BPMI Gearing Up for 2017 Festival Performances
It’s amazing to watch philanthropy manifest in new learning opportunities for Berklee students. When those opportunities emerge via one of the largest gifts in Berklee’s history and take place on stage at some of the world’s largest music festivals, it’s something truly unique. Nowhere is this more apparent than with the Berklee Popular Music Institute (BPMI). Fueled by a transformative gift from the Abrams Family Foundation, BPMI provides unparalleled experiential learning opportunities for Berklee students interested in performance and music business.
As spring turns to summer each year, live music shifts from indoor venues with local audiences to large, high-profile outdoor festivals, which by nature attract crowds from all over the world. With attendance at festivals like Chicago’s Lollapalooza exceeding 100,000 people per day, these festivals offer large-scale opportunities for new artist development, learning, and networking for Berklee students. The BPMI students work directly with venue staff and stage crews, receiving the same treatment as touring acts and headliners with high levels of access to the festival world, both onstage and backstage.
In the case of Lollapalooza, Berklee students also staff a Berklee-branded “silent concert” in the “Kidzapalooza” children’s area of the venue. BPMI students build a small band setup including electronic drums, guitar, bass, and keys, all of which is routed into headphone amplifiers enabling children and parents to hear the music being created. They work closely with event staff, arriving at the venue a day early, giving them exposure to the inner workings of the festival.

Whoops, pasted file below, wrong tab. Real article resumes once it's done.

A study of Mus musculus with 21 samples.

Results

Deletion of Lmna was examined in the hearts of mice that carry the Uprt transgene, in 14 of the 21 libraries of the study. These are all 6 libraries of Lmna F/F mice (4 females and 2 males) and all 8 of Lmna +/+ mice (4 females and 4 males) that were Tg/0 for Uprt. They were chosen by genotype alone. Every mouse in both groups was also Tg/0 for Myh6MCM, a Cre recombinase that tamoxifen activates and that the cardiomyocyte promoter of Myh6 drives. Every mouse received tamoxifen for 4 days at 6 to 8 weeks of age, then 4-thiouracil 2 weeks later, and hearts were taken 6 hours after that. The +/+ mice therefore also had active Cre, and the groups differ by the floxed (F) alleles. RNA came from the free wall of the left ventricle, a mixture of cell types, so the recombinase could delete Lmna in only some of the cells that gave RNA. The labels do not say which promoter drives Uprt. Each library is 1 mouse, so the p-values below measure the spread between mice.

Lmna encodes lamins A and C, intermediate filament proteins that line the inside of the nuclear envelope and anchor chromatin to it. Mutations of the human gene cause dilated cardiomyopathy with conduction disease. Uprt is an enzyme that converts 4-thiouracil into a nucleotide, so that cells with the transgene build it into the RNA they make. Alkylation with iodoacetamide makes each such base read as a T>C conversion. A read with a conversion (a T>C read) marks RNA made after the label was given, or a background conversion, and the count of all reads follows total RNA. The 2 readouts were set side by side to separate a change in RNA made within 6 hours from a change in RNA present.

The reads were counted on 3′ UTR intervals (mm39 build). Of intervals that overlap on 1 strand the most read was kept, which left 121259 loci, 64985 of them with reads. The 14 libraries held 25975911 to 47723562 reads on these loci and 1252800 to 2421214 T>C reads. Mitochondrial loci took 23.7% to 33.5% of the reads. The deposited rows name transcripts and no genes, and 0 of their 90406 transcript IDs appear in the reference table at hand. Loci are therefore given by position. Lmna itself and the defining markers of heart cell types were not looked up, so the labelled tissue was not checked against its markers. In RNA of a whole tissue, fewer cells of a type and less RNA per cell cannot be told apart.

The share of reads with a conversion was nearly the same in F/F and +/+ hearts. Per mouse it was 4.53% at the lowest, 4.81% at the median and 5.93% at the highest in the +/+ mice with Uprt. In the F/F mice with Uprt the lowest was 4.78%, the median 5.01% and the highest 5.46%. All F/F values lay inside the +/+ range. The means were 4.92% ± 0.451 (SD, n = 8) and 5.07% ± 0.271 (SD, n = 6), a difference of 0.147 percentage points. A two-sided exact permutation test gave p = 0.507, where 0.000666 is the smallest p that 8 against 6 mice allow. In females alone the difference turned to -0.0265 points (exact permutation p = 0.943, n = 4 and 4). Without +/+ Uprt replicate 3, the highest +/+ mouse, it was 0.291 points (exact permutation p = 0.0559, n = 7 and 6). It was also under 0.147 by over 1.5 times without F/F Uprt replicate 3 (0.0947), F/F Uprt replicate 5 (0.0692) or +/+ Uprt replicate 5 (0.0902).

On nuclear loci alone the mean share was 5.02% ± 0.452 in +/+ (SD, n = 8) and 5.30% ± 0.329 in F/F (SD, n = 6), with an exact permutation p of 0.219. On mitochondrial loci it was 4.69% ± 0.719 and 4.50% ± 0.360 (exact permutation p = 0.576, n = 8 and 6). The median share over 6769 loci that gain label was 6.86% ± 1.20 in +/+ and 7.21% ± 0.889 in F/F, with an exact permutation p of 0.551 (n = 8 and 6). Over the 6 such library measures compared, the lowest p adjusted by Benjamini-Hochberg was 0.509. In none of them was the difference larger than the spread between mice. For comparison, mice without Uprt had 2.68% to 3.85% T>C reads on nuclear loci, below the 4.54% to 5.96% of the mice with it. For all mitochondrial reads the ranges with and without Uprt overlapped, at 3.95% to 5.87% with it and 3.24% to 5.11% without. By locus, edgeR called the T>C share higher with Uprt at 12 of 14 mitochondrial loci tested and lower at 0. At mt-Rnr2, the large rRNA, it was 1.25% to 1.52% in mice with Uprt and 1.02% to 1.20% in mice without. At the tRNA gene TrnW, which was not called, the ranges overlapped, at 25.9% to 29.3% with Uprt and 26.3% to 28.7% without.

Festival performance gigs are highly coveted, with established acts and well-connected managers all vying for a small number of available slots. BPMI and its board of directors—especially Gerry Barad, the chief operating officer for Live Nation Global Touring—have been remarkably successful at securing these slots. In the summer of 2016, BPMI sent Berklee artists to several festivals in the United States and abroad. So, while most college students were taking a summer break, BPMI students geared up for performances at various well-attended festivals.
The following audience attendance numbers paint the picture for the profile of these festivals and the exposure they present for the Berklee acts and BPMI students involved in the program. Lollapalooza, Chicago drew 400,000 attendees over four days; Lollapalooza, Santiago, Chile, had 100,000 over two days; and Lollapalooza, Buenos Aries, Argentina, saw 100,000 attendees in two days. The Osheaga Festival in Montreal topped 130,000 during its three-day run; Philadelphia’s Made in America Festival drew 140,000 over two days; Electric Daisy Carnival in New York had 100,000 over two days; and during its three-day run, Cumbre Tajin in Veracruz, Mexico, attracted 50,000.
These events are preceded by an orchestrated public relations effort, with press releases sent in advance to various media outlets. The press response was substantial, with BPMI band Honeysuckle and artist Symone both receiving significant media attention, interviews, and endorsed social media posts.
Thanks to the Abrams Family Foundation, plans for 2017 will include expansion to six bands that will attend festivals and travel in a Berklee-branded tour bus. The momentum is strong and word of BPMI has spread throughout Berklee’s student body. More than 100 students applied for just 18 available seats in the program, and nearly 400 Berklee bands submitted music for BPMI consideration.
“When I developed the plans for BPMI, I knew that it would take commitment, perseverance, and support from the college,” says Jeff Dorenfeld, Berklee professor and BPMI’s founding and managing director. “The gift from David and Amy Abrams put us on the fast track, making it a reality and a dream come true for the students who will benefit from the experiential education BPMI offers.”